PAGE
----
Mexico News Daily, January 8, 2020
Nine Mexico City police officers were dismissed for extortion in the last three months of 2019, police chief Omar García Harfuch said on Tuesday.
The officers are among 12 police who were referred to the Mexico City Attorney General’s Office between October and December for allegedly committing high-impact crimes, he told a press conference.
“We have ongoing investigations that have not yet resulted in arrests but in these past three months . . .12 ex-colleagues were sanctioned and referred to the Attorney General’s Office for a range of crimes, mainly extortion . . .” García said.
President López Obrador said on Wednesday that a zero-tolerance approach to corruption in the nation’s police forces is “essential” in order to combat the high levels of crime.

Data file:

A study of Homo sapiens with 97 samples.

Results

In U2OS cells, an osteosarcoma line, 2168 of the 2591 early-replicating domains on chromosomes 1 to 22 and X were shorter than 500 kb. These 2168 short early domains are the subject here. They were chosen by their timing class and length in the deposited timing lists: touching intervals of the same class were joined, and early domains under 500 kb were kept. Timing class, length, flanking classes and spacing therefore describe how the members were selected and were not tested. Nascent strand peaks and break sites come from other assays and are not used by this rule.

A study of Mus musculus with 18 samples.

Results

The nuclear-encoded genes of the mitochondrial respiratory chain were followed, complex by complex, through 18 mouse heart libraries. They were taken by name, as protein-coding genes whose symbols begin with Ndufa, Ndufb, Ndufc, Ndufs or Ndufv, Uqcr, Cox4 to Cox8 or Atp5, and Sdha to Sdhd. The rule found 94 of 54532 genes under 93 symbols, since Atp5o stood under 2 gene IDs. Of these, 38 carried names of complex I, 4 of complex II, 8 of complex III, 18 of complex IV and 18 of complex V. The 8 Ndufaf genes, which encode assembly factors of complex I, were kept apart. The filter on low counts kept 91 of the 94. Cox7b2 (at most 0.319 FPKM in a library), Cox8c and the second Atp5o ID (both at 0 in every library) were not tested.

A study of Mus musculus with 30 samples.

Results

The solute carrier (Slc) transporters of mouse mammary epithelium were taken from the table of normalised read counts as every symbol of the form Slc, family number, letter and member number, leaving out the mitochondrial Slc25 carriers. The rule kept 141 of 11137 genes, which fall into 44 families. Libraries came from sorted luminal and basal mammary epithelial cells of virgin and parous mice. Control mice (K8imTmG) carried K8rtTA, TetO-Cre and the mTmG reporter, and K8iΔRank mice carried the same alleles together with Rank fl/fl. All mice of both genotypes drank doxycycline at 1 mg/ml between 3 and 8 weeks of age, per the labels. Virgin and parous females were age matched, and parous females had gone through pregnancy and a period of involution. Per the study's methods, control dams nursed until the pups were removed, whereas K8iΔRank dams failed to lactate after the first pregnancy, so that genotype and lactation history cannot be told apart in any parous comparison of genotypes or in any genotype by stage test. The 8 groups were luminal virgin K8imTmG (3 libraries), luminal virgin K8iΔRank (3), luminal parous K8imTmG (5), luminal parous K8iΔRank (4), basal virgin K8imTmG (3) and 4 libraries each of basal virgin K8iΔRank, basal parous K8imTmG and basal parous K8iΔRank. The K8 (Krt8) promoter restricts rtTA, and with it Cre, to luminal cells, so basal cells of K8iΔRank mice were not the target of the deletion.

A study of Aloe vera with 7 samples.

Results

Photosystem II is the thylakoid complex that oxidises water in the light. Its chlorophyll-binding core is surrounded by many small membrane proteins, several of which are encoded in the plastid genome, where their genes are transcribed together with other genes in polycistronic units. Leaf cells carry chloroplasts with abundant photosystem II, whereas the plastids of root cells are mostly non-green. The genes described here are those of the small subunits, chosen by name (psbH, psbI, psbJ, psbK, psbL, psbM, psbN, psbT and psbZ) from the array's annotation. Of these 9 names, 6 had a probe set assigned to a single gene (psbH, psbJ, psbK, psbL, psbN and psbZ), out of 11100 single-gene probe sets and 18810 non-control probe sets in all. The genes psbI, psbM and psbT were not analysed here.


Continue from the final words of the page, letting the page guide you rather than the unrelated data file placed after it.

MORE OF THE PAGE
“. . . If there’s corruption [within police forces] nothing is resolved . . .” he told reporters at his regular news conference.
The president said the federal government is working with the states to help them expel corrupt police and professionalize their forces.
“. . . The National Conference of Governors has agreed to deal with this issue and they’re making an effort to purge police forces and improve their conditions,” López Obrador said.
In the capital, 120 officers in the investigative police division were reassigned to desk jobs late last year after failing confidence tests, while countless police in forces across the country have been dismissed in recent years for corruption and links to organized crime.
Poor pay for police is seen as a major reason why officers become involved in illegal activities, prompting López Obrador to push for higher salaries.
The Mexico City government has taken heed, announcing a 9% pay increase in December, while earlier last month Guanajuato Governor Diego Sinhue said that officers in that state would receive monthly salaries of 24,400 pesos (US $1,300) starting in January, making them the best paid in the country.